The consortium of Sikorsky Aircraft and Boeing Defense is protesting against the U.S. Dept. of Defense’s December selection of the Bell Helicopter submission in the U.S. Army’s Future Long-Range Assault Aircraft contest. The FLRAA competition was staged to select a replacement design for the UH-60 (Black Hawk) helicopter, and could be worth billions of dollars over the life of the new program, depending on the number of aircraft to be built.
The U.S. Government Accountability Office – which received the protest at the end of December – has 100 days to respond to the protest.
The Team DEFIANT consortium of Sikorsky (a Lockheed Martin subsidiary) and Boeing stated it is protesting the Army’s selection “based on a thorough review of the information and feedback provided by the Army.”
It continued: “The data and discussions lead us to believe the proposals were not consistently evaluated to deliver the best value in the interest of the Army, our soldiers and American taxpayers. The critical importance of the FLRAA mission to the Army and our nation requires the most capable, affordable, and lowest-risk solution.”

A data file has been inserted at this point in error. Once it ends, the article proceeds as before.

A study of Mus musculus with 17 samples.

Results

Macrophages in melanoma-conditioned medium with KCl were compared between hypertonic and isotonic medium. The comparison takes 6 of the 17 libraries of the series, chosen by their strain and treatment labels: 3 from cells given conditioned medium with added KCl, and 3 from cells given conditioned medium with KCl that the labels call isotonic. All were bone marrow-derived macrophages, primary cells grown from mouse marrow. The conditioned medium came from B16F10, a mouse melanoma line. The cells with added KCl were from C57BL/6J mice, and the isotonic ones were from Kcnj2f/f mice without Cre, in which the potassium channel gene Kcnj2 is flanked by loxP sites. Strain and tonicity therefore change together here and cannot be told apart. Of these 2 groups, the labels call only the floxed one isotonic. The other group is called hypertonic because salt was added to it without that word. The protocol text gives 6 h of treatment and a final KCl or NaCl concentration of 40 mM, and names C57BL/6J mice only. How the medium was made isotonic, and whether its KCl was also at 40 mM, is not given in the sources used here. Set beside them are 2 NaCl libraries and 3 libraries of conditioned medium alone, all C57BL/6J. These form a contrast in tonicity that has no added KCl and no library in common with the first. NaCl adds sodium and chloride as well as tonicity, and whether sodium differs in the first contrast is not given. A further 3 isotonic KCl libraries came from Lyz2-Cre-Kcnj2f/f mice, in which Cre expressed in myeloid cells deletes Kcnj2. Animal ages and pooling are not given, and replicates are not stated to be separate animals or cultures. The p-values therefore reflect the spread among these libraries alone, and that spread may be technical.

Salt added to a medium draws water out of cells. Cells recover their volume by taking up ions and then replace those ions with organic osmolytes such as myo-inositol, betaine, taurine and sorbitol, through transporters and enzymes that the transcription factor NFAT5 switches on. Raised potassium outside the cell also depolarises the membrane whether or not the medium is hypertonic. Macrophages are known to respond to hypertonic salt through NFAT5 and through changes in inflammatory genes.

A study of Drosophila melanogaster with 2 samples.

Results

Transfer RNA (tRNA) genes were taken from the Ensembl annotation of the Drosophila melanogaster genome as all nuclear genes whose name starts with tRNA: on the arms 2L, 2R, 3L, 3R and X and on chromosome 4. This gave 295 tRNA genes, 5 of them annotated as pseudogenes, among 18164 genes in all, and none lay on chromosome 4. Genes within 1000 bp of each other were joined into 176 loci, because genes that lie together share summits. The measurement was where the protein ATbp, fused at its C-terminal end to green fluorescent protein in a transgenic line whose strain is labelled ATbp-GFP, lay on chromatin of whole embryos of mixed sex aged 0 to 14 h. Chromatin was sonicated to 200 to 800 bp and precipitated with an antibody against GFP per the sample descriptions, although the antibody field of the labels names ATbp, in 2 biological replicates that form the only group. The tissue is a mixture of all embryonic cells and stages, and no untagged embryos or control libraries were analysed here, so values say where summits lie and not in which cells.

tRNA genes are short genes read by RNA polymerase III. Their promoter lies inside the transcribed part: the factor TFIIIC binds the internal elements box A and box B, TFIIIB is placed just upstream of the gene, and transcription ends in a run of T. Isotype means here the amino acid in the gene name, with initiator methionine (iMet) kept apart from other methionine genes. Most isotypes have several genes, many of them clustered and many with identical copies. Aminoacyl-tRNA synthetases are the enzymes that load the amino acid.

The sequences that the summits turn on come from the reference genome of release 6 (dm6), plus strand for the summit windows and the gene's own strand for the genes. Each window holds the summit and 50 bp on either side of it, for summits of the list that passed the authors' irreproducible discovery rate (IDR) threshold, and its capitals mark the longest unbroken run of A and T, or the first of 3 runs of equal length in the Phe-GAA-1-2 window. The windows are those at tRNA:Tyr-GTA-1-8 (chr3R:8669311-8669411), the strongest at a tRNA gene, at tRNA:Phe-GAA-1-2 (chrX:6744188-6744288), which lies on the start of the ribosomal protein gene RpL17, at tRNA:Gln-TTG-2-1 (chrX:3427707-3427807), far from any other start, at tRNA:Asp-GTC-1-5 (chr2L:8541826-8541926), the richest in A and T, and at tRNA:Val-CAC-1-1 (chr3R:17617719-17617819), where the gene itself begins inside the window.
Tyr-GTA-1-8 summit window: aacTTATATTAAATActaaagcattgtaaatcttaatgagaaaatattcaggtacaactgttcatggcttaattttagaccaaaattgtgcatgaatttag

Other members of the Team DEFIANT consortium include Honeywell Aerospace, contributing a turboshaft engine; ATI Forged Products, the supplier of gearbox components; Collins Aerospace, for its flight control and vehicle management computers, and aircraft seats; and Parker Aerospace for flight controls, and hydraulic pumps and modules.
The choice of Textron Inc.’s Bell Helicopter V-280 design favored a tiltrotor aircraft (similar to Bell’s V-22 Osprey) over the Sikorsky-Boeing DEFIANT-X proposal, which is a coaxial helicopter that would use two stack rotors spinning in opposite directions, providing more stability than traditional helicopters. They claimed that DEFIANT X would be “the fastest, most maneuverable and survivable assault helicopter in history.”
The tiltrotor design can take-off and land vertically like a helicopter, but rotate its propellers forward allowing it to fly at fixed-wing aircraft speeds. Textron said the “combination of proven tiltrotor technology coupled with innovative digital engineering and an open architecture offers the Army outstanding operational versatility for its vertical lift fleet.”
The December announcement is worth up to $1.3 billion to Textron Inc. and Bell Helicopter, with the initial obligation of $232 million through 2024. If the V-280 proceeds into full production, the Army estimate last month it could be worth $70 billion over future decades, depending upon production volumes as well as foreign military sales.